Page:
My Girl The River - Americana roots/folk adventure
Review live show in Edinburgh (supporting Suzanne Vega) - 'Kris Wilkinson is a writer whose work is very much rooted in her Southern roots and her stories and music make her a perfect opening act to Suzanne Vega- particularly as we are exploring in songs on this tour Southern writer Carson McCullers. My Girl The River have their debut album out now “This Ain’t No Fairy Tale”, and this title track about the 10th anniversary of the Hurricane Katrina hitting Louisiana shows what skillful writers and musicians Kris and Joe are. Other songs like “American Bride” the story of a family wedding and a treasured family heirloom wedding dress and “The Last Song” are just great examples of how a well crafted song can pull you into a little picture that its creators are letting you see. Also, Kris is a singer with an impressive vocal range and richness of tone.' - Tom King
Created by Kris Wilkinson Hughes, My Girl The River was born out of a song. 'The Last Song' was the first song written for this americana, alt country, folk and roots project. Kris, hailing from Louisiana (and having lived in Jackson, MS and Nashville, TN) and English bassist Joe Hughes, have created a gorgeous collection of songs. As one fan responded 'it's like a delicately passionate love letter to the American South, soulfully crafted into something really special. Kris has a voice like sugared espresso, low and evocative with a sweet aftertaste and her eloquently confessional lyrics hit you right in the heart.'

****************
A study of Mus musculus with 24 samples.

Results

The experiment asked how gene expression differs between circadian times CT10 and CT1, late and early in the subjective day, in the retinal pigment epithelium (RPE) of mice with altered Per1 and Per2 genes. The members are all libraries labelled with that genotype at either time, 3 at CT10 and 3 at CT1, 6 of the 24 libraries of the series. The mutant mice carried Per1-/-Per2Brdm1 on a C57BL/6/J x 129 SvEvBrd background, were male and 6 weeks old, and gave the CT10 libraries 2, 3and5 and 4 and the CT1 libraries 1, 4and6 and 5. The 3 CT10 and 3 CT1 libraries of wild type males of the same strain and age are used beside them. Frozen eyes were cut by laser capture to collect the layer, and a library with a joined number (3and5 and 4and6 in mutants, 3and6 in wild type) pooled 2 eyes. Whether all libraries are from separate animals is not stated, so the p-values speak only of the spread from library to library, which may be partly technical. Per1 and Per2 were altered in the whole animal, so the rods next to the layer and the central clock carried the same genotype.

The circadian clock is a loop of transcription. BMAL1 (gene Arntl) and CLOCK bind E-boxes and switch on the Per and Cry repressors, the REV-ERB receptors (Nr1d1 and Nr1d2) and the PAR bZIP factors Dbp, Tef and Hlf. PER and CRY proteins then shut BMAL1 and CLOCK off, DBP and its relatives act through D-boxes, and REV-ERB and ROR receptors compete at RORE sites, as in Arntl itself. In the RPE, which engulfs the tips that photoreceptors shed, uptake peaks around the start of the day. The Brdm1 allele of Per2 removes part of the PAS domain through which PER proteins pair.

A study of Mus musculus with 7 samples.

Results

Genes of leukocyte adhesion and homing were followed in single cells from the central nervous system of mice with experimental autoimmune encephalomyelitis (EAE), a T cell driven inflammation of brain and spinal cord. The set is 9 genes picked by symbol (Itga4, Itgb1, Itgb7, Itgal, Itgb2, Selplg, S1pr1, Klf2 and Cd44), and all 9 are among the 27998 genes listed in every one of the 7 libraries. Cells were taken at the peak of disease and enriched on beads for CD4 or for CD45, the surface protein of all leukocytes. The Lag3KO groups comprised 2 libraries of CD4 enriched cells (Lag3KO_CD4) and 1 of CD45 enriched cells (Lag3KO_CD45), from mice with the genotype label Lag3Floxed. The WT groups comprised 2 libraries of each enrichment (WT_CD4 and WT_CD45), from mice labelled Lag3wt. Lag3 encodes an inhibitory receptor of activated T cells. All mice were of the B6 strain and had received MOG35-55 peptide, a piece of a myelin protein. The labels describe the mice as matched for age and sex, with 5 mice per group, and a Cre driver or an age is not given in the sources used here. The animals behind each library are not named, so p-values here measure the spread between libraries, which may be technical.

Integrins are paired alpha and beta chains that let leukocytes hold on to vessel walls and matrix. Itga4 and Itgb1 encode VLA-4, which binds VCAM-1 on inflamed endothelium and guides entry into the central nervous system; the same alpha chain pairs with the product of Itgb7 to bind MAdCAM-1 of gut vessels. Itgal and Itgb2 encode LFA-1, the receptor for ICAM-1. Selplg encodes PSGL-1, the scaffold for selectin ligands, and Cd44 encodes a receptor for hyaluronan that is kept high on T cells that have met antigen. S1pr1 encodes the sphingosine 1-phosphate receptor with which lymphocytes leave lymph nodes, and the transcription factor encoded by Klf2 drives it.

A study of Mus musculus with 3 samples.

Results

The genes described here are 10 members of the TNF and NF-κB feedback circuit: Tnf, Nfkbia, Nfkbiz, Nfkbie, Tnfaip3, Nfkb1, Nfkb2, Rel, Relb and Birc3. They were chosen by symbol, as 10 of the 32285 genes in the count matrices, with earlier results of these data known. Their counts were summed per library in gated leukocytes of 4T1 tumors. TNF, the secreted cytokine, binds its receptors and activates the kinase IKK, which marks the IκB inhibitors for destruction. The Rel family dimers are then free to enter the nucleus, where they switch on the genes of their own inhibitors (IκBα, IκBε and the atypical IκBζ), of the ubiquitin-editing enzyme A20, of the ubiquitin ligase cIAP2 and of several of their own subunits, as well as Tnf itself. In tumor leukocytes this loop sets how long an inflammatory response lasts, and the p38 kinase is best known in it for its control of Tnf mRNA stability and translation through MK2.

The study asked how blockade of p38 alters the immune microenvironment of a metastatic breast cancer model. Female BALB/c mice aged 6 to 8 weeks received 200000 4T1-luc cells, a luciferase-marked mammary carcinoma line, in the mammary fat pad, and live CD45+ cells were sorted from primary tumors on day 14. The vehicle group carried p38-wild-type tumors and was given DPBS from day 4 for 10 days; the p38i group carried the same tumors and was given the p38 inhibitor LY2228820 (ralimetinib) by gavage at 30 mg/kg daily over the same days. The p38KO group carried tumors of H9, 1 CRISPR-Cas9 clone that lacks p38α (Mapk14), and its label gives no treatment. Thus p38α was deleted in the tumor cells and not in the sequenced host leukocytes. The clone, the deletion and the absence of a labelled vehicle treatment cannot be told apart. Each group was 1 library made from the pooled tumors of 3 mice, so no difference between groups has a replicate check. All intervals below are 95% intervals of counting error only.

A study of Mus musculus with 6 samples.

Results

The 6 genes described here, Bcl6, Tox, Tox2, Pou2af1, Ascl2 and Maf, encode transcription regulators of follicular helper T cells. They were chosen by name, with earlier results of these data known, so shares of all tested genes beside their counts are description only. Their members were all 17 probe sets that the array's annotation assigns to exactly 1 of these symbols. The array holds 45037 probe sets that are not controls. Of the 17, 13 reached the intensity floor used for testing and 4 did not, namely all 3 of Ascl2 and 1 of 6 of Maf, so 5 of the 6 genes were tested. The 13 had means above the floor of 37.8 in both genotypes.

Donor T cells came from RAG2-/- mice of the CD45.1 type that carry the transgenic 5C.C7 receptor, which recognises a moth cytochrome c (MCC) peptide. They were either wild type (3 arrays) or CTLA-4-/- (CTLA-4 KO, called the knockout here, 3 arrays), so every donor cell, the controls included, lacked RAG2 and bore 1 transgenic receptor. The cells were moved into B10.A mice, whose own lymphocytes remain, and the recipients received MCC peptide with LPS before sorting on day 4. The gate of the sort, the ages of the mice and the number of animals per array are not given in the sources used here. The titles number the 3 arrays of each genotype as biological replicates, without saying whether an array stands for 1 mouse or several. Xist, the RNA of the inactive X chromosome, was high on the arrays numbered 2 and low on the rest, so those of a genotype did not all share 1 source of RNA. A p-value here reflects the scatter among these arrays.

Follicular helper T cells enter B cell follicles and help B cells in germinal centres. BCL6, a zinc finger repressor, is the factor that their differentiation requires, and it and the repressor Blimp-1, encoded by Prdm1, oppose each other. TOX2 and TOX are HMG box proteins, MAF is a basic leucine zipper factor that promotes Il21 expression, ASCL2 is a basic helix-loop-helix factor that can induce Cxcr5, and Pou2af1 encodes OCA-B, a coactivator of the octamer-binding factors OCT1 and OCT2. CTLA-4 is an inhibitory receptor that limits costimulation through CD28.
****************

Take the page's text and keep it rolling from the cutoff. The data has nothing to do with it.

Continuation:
Along with some astonishingly gifted musicians (Jonathan Byrd, Will Kimbrough, Nick Pynn, Max Milligan, Kristin Wilkinson, Jacob Chano Lundby, John Garden and Tom Moth) they are very pleased to offer up their debut album 'This Ain't No Fairytale'. Described as 'stunning', it is mainly inspired by Kris' upbringing in the American Deep South, bringing to life anecdotes, half-truths, white lies and fables. Ranging from alt-country and folk to Americana and roots, it ticks every box. It was recorded in the front room of Kris and Joe's house in November 2015 and mixed by John Garden, produced by Kris, mastered by Mick Conley (Suzy Bogguss, Kathy Mattea, Marty Stuart), with art direction by James Marsh (Talk Talk).
What people are saying about 'This Ain't No Fairytale' and My Girl The River:
Paste Magazine 8.1 stars ... a lovely mélange of Americana-Roots music
bring to mind works by other fellow alt-country musicians Jason Isbell and Lucinda Williams.
It demonstrates very well the knack that My Girl The River has for exceptional songwriting.
While this record may not be a fairytale, it will become something that is just as celebrated over the years to come.
Amazingly "This ain't no Fairytale" is the debut album by "My Girl The River" - amazing because it is such a rich and confident production. Add to that amazing an astonishment that the core of the tracks were laid down in just two days in a room in the home of Kris Wilkinson Hughes' - the gorgeously toned singer and songwriter of "My Girl The River" - with overdubs added later. This wonderful wistful country-folk is what experienced musicians can achieve when they set their hearts and minds to it - but this would all be for nothing if this was not also such an accomplished set of songs - superbly written observations on place and family, mixed with a keen edge of nostalgic yearning.
‘Where I Belong’, Wilkinson’s smouldering ode to her southern roots and the call they have upon her very much the same feel as ‘I’d Rather Go Blind’.
The album closes with, appropriately, ‘The Last Song’, an exquisite all acoustic number and the first to be written for the album, a hesitantly strummed guitar setting the scene before strings and brushed drums sweep in for a crooningly star-kissed dreamy number about mortality and final farewells, moving on ‘like a string through the sky tied to the tail of a butterfly’. A new beginning to a hopefully happy ever after, may there be many more last songs to come.
My Girl The River brings us richly textured Americana that transports me to a southern front porch on a warm summer evening. Their sound is reminiscent of folk singers like Joan Baez and Joni Mitchell, adding splashes of contemporary alt-country singers such as Lucinda Williams.